PHOTO: David Reddick
PHOTO: David Reddick

How to Fuel for the Skin Track

Including the best time to crack that celebratory beer

If you're like me, you eat more pizza during ski season than you should. Pizza is convenient, delicious, and makes for great leftovers.

Turns out, however, that a leftover cold slice is not the most efficient food for our bodies when ski touring. Touring is a major aerobic exercise that puts a lot of pressure on our bodies (do it for the glutes!) and requires proper fuel.

Plus, focusing on the next snack break is my No. 1 motivational tool while touring. In that sense, I’m not much more evolved than a dog: Will perform for treats. It’s one the few recurring thoughts I have on the skin track. The first being how much I love chairlifts--these manmade constructs that take us to nirvana. However, skin track snacks should be more than just a reward for suffering and can, in fact, help us ski better and feel less like dog doo.

Sports nutritionist Roxanne Vogel, the in-house nutrition expert at Gu Energy Labs, spoke about what to eat and when at the first annual Arc’teryx Backcountry Ski & Snowboard Academy in Jackson Hole this winter, and I followed up with my own questions--Including the best time to crack that celebratory beer.

Yes, breakfast is still the most important meal.
Vogel suggests having a hot breakfast so you’re starting out on a warm, full belly. Her go-to is coffee and steel-cut oats with milk, nuts, and dried fruit. Sprinkle hemp seeds on top for protein. (Aim for 10-20 grams of protein in your breakfast). If you generally drink caffeine, it shouldn’t be an issue to stick with your usual on days you’ll be touring. However, try to keep it to two cups of coffee to avoid a crash.

Keep a steady flow of the right calories.
During a moderate ski tour, most of us need to consume about 150 calories per hour to keep energy high and our bodies functioning their best. Vogel recommends a trickle feed approach while skinning. “Think of it like an IV drip--gradual and consitent--versus one big chunk of fuel. It’s better for digestive purposes,” she says.

Try to minimize fat and protein while working hard in the backcountry. Keep an energy bar in your chest pocket or a bag of pretzel twists on hand. Things like yogurt raisins, nuts, or trail mix are better if you're going to have time to sit and digest. Whatever it is that you pack, make sure it’s something you want to eat so you’re more likely to do it.

If you plan on stopping at the top of your skin track before skiing down, this is a good time to have some real food, like a sandwich or wrap. Vogel suggests one real food item for a full day out, with the rest of your calories coming from small snacks.

Stay hydrated.
The rule of thumb is to drink a half liter of liquids per every hour of touring.

You’re more likely to stay hydrated if you pack warm liquids and drinks with flavor. If it’s very cold, you’re in a particularly exposed area, or you need to keep transition times especially short, a hot drink like Tang, miso broth, or soup is also a great way to get calories, stay hydrated, and keep warm.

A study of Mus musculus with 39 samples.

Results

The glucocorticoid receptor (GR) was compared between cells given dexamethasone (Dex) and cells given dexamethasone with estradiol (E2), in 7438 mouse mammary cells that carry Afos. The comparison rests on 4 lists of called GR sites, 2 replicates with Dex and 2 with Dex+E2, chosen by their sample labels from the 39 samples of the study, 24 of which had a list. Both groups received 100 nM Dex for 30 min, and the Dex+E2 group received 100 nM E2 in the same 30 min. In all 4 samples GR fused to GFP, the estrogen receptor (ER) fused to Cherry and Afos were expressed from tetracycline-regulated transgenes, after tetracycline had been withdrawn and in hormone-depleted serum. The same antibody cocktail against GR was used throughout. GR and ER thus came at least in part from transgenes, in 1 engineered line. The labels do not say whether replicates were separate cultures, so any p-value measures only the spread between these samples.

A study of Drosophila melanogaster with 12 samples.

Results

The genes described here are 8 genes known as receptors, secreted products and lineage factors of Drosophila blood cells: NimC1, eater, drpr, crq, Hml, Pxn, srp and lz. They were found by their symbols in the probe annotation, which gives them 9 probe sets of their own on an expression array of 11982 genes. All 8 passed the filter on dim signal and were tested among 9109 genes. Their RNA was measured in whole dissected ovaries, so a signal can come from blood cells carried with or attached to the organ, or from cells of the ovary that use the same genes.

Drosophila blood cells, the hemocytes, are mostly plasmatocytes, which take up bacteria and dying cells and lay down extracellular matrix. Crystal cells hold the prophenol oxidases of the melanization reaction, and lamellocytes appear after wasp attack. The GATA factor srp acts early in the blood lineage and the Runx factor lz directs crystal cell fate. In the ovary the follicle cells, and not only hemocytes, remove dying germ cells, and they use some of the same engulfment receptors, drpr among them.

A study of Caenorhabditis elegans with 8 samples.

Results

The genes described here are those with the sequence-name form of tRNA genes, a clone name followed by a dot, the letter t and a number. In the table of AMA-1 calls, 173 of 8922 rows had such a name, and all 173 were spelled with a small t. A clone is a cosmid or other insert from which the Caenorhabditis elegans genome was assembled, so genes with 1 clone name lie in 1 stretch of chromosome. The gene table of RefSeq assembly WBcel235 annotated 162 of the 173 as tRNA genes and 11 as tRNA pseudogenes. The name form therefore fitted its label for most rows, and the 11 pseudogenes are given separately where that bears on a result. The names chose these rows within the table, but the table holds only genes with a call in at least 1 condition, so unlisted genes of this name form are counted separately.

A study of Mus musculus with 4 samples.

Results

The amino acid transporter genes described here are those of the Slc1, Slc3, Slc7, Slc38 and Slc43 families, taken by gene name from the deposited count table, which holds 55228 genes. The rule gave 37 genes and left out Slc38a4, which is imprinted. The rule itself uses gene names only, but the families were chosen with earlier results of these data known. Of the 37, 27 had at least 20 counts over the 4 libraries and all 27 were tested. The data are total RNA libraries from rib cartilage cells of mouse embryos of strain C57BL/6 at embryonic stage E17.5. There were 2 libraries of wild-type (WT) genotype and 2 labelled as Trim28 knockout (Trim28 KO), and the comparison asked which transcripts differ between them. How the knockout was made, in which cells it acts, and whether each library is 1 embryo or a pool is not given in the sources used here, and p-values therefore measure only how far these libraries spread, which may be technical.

“We often don't think about it cold environments, but getting dehydrated causes a lot of performance issues and can change the way you think,” says Vogel. “It can cause lapses in judgment if the mind not working as clearly. That’s a safety concern.”

This is not an excuse to eat gummy bears. Sorry.
“Candy is going to give you the quick energy boost but is also going to crash out pretty quickly,” says Vogel. “It’s not my first choice because of the crash, but if you can combine with something more complex, it's still an easy-to-digest energy source in a pinch.”

Similar to gels, goos, and chews, chocolate espresso beans are great when you're bonking and just need some energy, but a good gel will also include helpful electrolytes.

There are some things to avoid.
It’s easy to pack whatever we happen to have in the fridge, thinking, ‘Oh, I’ll just crush this slice of pizza midday,’ but Vogel says that’s too many calories all at once. Plus, when a majority of those calories are protein and fat, it’s hard for your body to digest while working hard.

Start the apres with some protein.
Just because you’ve made it back to the trailhead doesn’t mean your body is done working. Adding a recovery drink mix to your water back at the car is a simple thing you can do to maximize the benefits from all the work you just put in and prevent extra fatigue and soreness the following day.

Your body also needs about 20 grams of protein at this point, which you can get through a protein mix, nut butter, or a turkey sandwich.

Can I have my beer now?
If you’re going to drink alcohol after touring, Vogel stresses it’s important to hydrate with water first. Alcohol has a diuretic effect, so you’ll have to pee more, making you even more dehydrated. Drink a full liter of water before you consider your beer. Adding some electrolytes will help aid in recovery and give you more bang for your buck. “You’ve got to pre-hydrated before you dehydrate.”

Pack strategically.
Now that you know what to pack, store it strategically to eliminate hassle during transitions. Carry small snacks in your jacket, thigh pant pocket, or waist pockets you can access without having to take off your pack.

Keep your thermos right on top of your pack where you’re more likely to see it and drink from it often.

“If you're tired, your brain just starts to function differently. Combined with low oxygen, mental clarity goes down and you may not feel super hungry, so you won’t happen to eat,” says Vogel. “Put things right there in front of you, instead of letting it go, is a good reminder.”